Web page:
Two BRHS robotics teams qualify for state championship
Two Boothbay Region High School robotics teams are in contention for a state championship. A duo of senior Jay Hasch and junior Blake Erhard and the team of senior Tyler Field and sophomore Quinn Ranta earned spots in the state’s VEX Robotics Championships.
Hasch’s and Erhard’s robot, “Dirty Dan,” and Field’s and Ranta’s robot, “Main Frame Meltdown,” each scored high enough in a qualifying competition last month in Farmingdale to garner a spot in the state championship.
The two teams were among four BRHS teams competing at the qualifying event at Hall-Dale High School. Thirty-seven robotics teams representing 14 schools participated in the qualifying round. Each team accumulates points as it maneuvers robots on a 12-foot by 12-foot field. The remote-controlled robots score points by stacking and placing cones in designated locations within a two-minute time frame. In later rounds, the top eight teams earn a choice to form an alliance with another team which didn’t place in the top eight. Teams look for an alliance with another robot which enhances their ability to score points.
During the Hall-Dale event, “Dirty Dan” was in an alliance with “Main Frame Meltdown” because Hasch and Erhard scored high enough in the early rounds to pick a team to join into an alliance.
“We can pick anyone,” Hasch said. “We picked ‘Main Frame Meltdown’ because our robot didn’t have a claw. ‘Main Frame Meltdown’ helped us pick up heavier cones and score additional bonus points. The main element we look at in an alliance is a robot with a function our doesn’t have. Theirs has a claw which is great for picking up heavy objects.”
VEX Robotics Championships is presented by the Robotics Education & Competition Foundation to stimulate student interest in math, science and technology. It is an international competition for teenage and college-aged students. Teams are tasked with designing and building a robot to play against others in a game-based engineering challenge. The robots are built with various devices. Robots must be built within an 18-inch-by-18-inch dimension.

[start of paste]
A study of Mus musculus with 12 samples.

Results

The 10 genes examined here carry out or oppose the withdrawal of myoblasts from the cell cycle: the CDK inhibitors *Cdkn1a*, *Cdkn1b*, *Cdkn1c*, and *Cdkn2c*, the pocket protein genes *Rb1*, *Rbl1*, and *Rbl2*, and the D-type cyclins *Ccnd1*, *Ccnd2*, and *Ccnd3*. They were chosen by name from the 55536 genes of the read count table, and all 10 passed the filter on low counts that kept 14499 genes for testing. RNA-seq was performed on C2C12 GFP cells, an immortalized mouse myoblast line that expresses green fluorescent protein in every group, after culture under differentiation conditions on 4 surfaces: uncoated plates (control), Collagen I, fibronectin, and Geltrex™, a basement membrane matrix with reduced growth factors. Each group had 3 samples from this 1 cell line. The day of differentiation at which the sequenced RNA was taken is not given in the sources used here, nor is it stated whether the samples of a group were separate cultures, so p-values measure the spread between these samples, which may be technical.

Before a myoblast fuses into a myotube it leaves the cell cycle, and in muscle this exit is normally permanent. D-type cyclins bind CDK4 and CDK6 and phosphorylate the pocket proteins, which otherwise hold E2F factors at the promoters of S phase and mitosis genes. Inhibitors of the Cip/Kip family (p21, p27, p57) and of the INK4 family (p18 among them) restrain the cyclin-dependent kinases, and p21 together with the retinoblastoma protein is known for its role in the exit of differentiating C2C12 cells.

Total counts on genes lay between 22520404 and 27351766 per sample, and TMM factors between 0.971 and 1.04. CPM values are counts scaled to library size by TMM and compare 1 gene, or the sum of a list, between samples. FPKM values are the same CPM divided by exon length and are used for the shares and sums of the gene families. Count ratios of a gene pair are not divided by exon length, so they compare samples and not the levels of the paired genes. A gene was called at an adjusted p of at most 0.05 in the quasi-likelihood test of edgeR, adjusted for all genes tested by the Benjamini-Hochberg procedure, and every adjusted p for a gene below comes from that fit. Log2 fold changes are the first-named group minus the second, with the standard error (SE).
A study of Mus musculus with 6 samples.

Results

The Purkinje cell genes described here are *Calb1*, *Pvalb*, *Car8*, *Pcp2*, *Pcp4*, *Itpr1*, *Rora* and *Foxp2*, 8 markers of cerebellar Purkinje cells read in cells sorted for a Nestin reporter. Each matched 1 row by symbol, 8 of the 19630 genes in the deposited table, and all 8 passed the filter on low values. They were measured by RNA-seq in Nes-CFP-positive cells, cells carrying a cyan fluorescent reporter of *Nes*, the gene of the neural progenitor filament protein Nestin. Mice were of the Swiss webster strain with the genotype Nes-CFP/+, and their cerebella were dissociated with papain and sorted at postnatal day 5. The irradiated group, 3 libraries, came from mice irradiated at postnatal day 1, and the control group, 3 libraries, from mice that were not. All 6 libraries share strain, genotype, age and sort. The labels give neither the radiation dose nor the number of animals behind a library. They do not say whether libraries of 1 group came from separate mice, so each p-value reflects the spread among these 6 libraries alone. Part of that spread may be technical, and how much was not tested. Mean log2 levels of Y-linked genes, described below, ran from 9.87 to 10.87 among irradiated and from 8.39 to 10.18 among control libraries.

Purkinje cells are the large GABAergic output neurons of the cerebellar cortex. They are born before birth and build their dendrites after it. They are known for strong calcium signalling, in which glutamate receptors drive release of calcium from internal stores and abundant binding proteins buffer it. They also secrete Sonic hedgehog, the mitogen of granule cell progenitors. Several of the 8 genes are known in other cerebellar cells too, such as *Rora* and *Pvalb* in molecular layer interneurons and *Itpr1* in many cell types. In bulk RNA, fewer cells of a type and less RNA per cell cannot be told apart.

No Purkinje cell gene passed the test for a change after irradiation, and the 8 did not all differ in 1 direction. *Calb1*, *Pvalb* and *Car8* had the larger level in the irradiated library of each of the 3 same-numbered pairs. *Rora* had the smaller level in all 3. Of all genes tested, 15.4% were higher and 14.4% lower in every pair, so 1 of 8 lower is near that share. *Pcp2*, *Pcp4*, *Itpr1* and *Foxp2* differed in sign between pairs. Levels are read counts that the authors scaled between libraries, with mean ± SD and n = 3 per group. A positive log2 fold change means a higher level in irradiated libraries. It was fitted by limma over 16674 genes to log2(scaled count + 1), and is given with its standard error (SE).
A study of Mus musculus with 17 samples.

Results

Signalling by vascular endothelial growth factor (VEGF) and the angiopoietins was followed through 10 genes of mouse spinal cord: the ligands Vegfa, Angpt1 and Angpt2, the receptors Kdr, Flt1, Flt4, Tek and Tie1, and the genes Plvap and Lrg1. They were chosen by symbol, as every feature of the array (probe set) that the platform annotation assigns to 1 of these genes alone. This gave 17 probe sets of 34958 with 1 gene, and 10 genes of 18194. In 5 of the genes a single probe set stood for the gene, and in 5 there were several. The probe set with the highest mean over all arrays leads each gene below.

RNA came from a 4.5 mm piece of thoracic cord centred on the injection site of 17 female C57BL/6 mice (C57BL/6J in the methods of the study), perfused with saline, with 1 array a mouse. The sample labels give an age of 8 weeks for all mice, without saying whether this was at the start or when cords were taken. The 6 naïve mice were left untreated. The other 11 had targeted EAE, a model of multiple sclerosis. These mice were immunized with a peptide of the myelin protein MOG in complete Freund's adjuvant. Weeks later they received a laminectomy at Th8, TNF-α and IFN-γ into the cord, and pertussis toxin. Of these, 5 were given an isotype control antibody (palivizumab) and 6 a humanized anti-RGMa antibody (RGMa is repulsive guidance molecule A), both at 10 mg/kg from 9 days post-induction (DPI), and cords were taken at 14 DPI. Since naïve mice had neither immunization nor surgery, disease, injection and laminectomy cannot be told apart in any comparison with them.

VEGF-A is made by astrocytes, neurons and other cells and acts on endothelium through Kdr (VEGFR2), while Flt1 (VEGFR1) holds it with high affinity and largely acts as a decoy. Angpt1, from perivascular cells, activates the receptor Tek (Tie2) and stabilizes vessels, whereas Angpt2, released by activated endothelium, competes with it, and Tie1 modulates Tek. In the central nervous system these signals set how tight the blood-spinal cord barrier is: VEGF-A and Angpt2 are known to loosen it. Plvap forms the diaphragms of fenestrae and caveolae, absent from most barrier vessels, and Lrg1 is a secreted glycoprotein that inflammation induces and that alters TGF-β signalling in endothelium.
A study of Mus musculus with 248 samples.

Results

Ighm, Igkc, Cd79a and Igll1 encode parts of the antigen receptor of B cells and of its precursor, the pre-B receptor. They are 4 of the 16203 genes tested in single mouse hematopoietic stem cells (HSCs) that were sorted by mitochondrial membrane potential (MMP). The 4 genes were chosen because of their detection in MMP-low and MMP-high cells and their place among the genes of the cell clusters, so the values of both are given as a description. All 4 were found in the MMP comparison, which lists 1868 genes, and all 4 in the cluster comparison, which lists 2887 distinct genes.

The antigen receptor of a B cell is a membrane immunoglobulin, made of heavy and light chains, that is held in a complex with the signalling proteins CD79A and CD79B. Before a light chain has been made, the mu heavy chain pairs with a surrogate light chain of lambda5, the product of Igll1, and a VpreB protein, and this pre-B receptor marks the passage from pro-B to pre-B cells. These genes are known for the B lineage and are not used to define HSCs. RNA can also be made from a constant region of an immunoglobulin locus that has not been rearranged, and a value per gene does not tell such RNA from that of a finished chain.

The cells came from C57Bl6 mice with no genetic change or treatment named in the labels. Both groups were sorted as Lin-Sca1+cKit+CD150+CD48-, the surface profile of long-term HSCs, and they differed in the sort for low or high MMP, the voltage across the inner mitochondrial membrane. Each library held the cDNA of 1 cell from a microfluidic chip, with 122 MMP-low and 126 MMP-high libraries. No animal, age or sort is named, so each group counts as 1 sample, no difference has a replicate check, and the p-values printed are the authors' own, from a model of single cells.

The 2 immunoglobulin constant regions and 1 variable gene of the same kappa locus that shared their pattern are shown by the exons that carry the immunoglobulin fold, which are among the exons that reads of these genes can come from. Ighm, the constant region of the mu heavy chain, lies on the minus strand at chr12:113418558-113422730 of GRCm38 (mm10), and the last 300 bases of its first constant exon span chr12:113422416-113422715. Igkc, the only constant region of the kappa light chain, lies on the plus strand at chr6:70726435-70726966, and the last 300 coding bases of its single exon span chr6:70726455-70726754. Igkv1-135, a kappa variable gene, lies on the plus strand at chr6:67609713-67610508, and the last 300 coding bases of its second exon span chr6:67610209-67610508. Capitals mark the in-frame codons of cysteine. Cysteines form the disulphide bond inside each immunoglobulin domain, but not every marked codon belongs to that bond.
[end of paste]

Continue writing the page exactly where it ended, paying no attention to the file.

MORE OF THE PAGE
BRHS students began building their robots this fall during the first semester class Advanced Robotics and Applied Physics. Students use knowledge learned from the two disciplines in developing a robot used for the competition.
The 2017-18 VEX Robotics Challenge is called “In the Zone.” The game teaches students lessons about applying science, math and technology with robotics, problem-solving, and computer programming.
This is Field’s second year in the class. He enjoys the challenging aspects of putting his knowledge of physics and robotics along with his own creativity into creating a functional robot. “It’s very challenging. You design what you want and figure out how to improve it,” said Field, who plans on studying animation after high school.
The class also may have a lasting impression on Hasch who is also taking the course for a second year. He is considering a future as a pilot. “I want to fly so this helps with a basic understanding of how a plane is designed with instrumentation programming and electronics.”
Hasch likes the challenging aspect of the course, but what he likes most is the competition. “Stomping the other teams is the best. I really like the competitive nature of the game,” he said.
The state championship is scheduled for March 3 at Biddeford High School. But the qualifying rounds aren’t over. The two BRHS teams which didn’t qualify last month still have another chance to compete for a state championship. Another qualifying meet will be held in February at Yarmouth High School.